Palestinian Professor to be Fired

University President Judy Genshaft sent the professor, Sami Al-Arian, a termination letter on Wednesday.

Al-Arian has been on paid leave since September, because the university feared for his safety after he received numerous death threats.

Similarly, Genshaft said community outrage and safety concerns led her to decide to fire Al-Arian. She said campus police told her it probably would never be safe to allow him back on campus.

"This man has been on the campus for over 10 years and 15 percent of the time he had been paid for doing nothing," she said.

University officials also said they have a 6-inch stack of e-mails about Al-Arian, the majority criticizing the Tampa-based university for employing him; some threatened to withdraw financial support.

The professor would not comment on the school's decision but has previously denied he supports terrorism, according to the AP. He has never been detained or charged with a crime.

Al-Arian, who is paid more than $67,000 a year as a computer science professor, is also a community activist who runs an Islamic school and community center.

In addition, he founded the World and Islam Studies Enterprises, a now-defunct think tank that was headquartered at the university until the FBI raided it in 1995 and froze its assets.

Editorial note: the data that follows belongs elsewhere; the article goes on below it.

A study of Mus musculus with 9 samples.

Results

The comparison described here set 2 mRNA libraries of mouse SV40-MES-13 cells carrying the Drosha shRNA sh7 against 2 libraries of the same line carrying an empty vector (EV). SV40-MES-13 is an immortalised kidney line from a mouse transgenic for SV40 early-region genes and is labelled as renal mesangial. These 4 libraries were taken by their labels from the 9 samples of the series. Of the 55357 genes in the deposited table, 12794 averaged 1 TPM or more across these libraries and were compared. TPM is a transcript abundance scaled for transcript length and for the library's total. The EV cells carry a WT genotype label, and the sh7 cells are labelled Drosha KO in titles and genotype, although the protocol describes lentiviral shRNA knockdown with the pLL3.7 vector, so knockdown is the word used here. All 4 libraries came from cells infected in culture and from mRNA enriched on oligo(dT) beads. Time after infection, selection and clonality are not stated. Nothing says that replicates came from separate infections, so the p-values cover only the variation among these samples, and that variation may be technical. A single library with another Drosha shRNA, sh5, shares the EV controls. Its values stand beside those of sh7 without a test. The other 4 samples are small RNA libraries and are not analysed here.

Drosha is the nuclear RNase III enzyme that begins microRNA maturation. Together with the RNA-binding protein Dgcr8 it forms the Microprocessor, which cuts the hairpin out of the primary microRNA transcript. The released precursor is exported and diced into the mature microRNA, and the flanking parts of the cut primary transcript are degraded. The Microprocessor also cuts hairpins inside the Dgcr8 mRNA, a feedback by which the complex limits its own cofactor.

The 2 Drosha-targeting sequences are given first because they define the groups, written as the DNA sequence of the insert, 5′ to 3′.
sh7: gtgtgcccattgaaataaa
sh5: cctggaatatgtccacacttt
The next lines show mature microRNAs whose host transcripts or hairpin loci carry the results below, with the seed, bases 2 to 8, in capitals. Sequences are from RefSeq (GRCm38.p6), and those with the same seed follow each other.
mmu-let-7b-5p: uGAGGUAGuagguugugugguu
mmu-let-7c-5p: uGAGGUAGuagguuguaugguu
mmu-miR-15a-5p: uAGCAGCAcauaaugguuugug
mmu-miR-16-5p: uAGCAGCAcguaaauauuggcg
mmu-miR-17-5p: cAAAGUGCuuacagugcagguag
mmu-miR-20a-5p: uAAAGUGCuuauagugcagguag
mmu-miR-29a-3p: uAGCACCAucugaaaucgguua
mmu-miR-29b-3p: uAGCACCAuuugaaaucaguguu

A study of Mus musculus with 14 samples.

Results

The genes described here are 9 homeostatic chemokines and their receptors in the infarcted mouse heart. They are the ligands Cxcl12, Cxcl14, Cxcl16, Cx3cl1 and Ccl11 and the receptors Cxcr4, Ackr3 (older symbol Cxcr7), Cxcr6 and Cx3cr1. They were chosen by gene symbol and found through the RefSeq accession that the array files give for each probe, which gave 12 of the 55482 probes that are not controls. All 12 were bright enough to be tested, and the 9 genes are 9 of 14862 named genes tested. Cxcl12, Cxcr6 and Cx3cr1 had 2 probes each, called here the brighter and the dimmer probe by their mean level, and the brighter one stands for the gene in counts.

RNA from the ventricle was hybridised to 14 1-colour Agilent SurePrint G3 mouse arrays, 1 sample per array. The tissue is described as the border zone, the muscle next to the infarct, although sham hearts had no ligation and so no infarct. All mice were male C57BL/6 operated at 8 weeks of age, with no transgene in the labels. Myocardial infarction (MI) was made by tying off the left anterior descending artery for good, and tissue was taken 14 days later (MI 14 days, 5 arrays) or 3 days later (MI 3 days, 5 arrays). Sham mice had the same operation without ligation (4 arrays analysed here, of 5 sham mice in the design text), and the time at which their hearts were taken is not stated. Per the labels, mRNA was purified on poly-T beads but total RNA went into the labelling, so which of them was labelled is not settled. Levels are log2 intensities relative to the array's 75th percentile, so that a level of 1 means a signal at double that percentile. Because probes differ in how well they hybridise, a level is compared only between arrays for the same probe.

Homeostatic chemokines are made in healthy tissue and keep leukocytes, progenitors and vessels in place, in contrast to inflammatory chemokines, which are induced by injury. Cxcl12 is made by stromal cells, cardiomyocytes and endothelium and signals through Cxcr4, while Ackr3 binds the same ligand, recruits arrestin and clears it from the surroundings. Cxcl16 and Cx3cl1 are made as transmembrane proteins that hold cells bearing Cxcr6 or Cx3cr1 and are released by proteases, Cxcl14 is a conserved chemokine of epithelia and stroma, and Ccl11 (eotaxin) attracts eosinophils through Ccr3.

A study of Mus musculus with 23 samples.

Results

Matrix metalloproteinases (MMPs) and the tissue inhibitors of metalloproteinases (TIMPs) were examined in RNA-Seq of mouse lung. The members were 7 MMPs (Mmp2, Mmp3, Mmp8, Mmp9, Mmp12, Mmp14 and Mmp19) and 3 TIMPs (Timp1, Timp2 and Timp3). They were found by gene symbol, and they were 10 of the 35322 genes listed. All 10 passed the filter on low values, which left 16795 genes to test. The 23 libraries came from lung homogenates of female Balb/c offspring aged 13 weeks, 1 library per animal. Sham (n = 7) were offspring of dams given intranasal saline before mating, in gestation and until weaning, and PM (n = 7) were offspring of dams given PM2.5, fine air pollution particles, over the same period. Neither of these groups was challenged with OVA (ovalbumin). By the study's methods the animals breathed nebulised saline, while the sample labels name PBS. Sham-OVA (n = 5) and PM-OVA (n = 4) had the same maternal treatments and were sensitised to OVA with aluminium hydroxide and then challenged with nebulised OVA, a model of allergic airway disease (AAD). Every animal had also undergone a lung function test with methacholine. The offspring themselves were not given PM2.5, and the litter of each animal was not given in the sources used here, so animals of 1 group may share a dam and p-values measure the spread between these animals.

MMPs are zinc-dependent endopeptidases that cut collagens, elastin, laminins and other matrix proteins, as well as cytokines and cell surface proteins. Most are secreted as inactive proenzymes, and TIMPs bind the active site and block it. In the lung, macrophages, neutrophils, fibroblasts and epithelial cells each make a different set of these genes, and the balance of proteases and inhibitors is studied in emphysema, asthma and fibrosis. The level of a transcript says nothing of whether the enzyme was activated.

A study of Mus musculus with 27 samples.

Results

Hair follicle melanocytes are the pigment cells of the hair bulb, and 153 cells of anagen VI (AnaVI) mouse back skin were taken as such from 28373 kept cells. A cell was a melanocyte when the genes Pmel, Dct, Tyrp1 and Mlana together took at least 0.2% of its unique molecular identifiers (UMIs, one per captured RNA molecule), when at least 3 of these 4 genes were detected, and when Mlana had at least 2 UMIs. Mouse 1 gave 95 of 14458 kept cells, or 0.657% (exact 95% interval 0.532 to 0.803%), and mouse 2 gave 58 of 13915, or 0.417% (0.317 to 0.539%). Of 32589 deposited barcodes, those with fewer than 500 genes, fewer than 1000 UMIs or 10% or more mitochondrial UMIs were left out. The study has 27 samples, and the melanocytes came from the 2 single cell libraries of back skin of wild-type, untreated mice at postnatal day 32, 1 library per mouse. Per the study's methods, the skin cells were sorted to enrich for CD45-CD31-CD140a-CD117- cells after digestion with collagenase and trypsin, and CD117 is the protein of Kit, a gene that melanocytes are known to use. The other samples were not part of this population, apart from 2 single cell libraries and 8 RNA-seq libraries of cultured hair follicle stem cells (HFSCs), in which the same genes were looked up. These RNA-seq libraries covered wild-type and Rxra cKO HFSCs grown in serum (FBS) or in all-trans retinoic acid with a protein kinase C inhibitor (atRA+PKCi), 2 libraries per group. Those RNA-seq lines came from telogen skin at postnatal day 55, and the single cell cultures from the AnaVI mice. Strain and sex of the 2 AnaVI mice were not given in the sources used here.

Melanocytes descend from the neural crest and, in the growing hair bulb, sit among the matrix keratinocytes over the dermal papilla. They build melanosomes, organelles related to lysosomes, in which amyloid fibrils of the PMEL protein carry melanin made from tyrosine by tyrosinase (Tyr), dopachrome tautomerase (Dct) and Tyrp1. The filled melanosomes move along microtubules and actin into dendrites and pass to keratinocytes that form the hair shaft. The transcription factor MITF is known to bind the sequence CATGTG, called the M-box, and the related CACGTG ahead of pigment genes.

The FBI and Immigration and Naturalization Service alleged that the think tank and a related Palestinian charity were a fund-raising front for terrorists. The charity held conferences that drew people later identified as terrorists, including Sheik Omar Abdel-Rahman, the blind Muslim cleric convicted of plotting to bomb five New York landmarks.

A former manager of the charity, Tarik Hamdi, was linked to Osama bin Laden's organization during the trial of four men convicted in the 1998 bombings of U.S. embassies in Africa. A former head of the think tank, Ramadan Abdulah Shallah, left in 1995 and resurfaced as the head of a terrorist organization, the Palestinian Islamic Jihad.

Al-Arian said he only knew the men as academics, and that their later links to terrorism "shocked" him.

Al-Arian has the right to have an independent arbitrator review his dismissal. He has 10 days to respond to the letter.